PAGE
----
A new Ugandan film set for release this May is promising to touch the lives of young viewers with a powerful massage of faith and redemption.
Written and directed by Joseph Kenneth Ssebaggala, alias Zenken, Reform tells a touching story about the grace of Jesus Christ, as seen through the eyes of a redeemed high school hell-raiser.
“I wanted to tell a universal story about the trials and tribulations of today’s teenager, but also to provide a positive message of a better tomorrow,” Zenken told this blog in an exclusive interview yesterday.
A born again Christian, Zenken says he wrote the script for Reform a few years back. But it was only until late last year that Buddo Secondary School accepted to partner with him to make the film.
“I am an old boy of the school and they (school management) have seen my previous work. So they agreed to fund 70% of the budget as well as grant me free access to all the school’s facilities,” explained the multi-artist who holds a bachelors degree in Art and Industrial Design from Kyambogo University and runs Zenken Films Production Company.
The 31-year-old filmmaker, famous for his 2011 hit Akataka: That Small Piece, which enjoyed successful stints in Netherlands and South Africa, is taunted as one of the fastest-rising stars of Ugandan cinema.
But he says working on the religious film, one of the first of its kind in Uganda, has left him feeling refreshed and fired-up as if it were some booster of sorts.
“When you work on such an inspiring film under very hard conditions, it makes you a better artiste and man,” he asserted, revealing he has had to put up with a modest budget and inconvenient weekend shooting schedules.
Currently in its final shooting stages at the city-based school, Reform pits a predominantly student cast alongside a few established local actors, notably Deception series’ Charles Kabogoza (Chris) who plays a heavy-handed teacher.
And the film is looking to rely on a strong plot and a positive message to deliver a powerful impact on young viewers – it deals with real-life issues affecting teenagers.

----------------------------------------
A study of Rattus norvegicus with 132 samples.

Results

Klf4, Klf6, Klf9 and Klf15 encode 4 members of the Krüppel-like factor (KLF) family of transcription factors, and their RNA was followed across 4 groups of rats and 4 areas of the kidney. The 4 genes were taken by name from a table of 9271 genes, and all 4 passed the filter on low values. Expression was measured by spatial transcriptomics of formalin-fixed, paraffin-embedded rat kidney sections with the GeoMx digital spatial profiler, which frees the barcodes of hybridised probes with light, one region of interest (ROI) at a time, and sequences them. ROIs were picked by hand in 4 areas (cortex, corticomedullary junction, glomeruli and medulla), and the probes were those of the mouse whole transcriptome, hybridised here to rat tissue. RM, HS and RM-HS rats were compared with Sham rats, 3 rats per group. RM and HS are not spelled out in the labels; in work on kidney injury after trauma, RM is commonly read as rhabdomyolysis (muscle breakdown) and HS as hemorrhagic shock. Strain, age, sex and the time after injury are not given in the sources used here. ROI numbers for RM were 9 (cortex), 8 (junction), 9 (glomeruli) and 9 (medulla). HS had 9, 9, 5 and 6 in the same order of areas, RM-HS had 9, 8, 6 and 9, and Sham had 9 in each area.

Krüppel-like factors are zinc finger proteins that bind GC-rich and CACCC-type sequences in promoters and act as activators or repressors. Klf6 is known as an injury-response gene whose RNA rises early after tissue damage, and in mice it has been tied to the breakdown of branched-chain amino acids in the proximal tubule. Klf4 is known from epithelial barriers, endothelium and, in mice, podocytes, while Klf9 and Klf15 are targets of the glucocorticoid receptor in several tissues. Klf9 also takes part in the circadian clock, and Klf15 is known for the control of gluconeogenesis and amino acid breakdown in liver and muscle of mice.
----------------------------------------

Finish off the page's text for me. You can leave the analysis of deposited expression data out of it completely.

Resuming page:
Told in the rather artistic first-person narration style, the film revolves around Kato (Mark Katamba) a fun-loving drug-abusing school bully and academic dwarf who begins to question his infamy (or rather popularity according to other students) after he is paired with Grace (Justine Namuganda), a church girl, in a reading club as punishment for his ill behavior.
Gradually, Kato begins to appreciate God’s grace and how it saved him from self-ruination. He later becomes a pastor and motivational speaker whose work inspires hundreds of other troubled kids looking for identity in a violent and corrupt world.
Watching a few clips from the film, I found myself drawing a comparison to the 2009 American Christian drama, To Save a Life, which covers a similar subject matter – youth struggles.
Both films are relatively gritty for an ordinary Christian cinema fan. They contain scenes of high school students drinking, doing drugs, fighting and even heartbreaks. But in the case of Reform particularly, the unorthodox depictions greatly add up to the story’s authenticity.
And Zenken, who has attained film training in Berlin, Durban and Kenya’s One Fine Day workshops, owes the film’s uniqueness to his own faith and the excellent performance of his cast.
Both Katamba, 19, and Namuganda, 17, are first-time actors, but the S.6 and S.3 students respectively had a stellar outing that has since inspired Zenken to consider working with them on a future project.
But the school itself also deserves some credit– Buddo SS has one of the most vibrant school choir and drama groups in the country, perhaps only matched by Namasagali College during its heydays.
“The school really put in a lot to nurture students’ talents. Some of these kids have the potential to be the next big stars,” says Zenken who recently worked with Raising Voices to produce a film about child abuse and career guidance.
But the promising filmmaker suffered a setback last year when he was forced to abandon a project 80% into its production because the house and sole location was sold off midway shoot. He incurred serious financial loses.
He nonetheless hopes to redeem himself with Reform, which he hopes to distribute through churches, NGOs, international festivals and cinema screenings.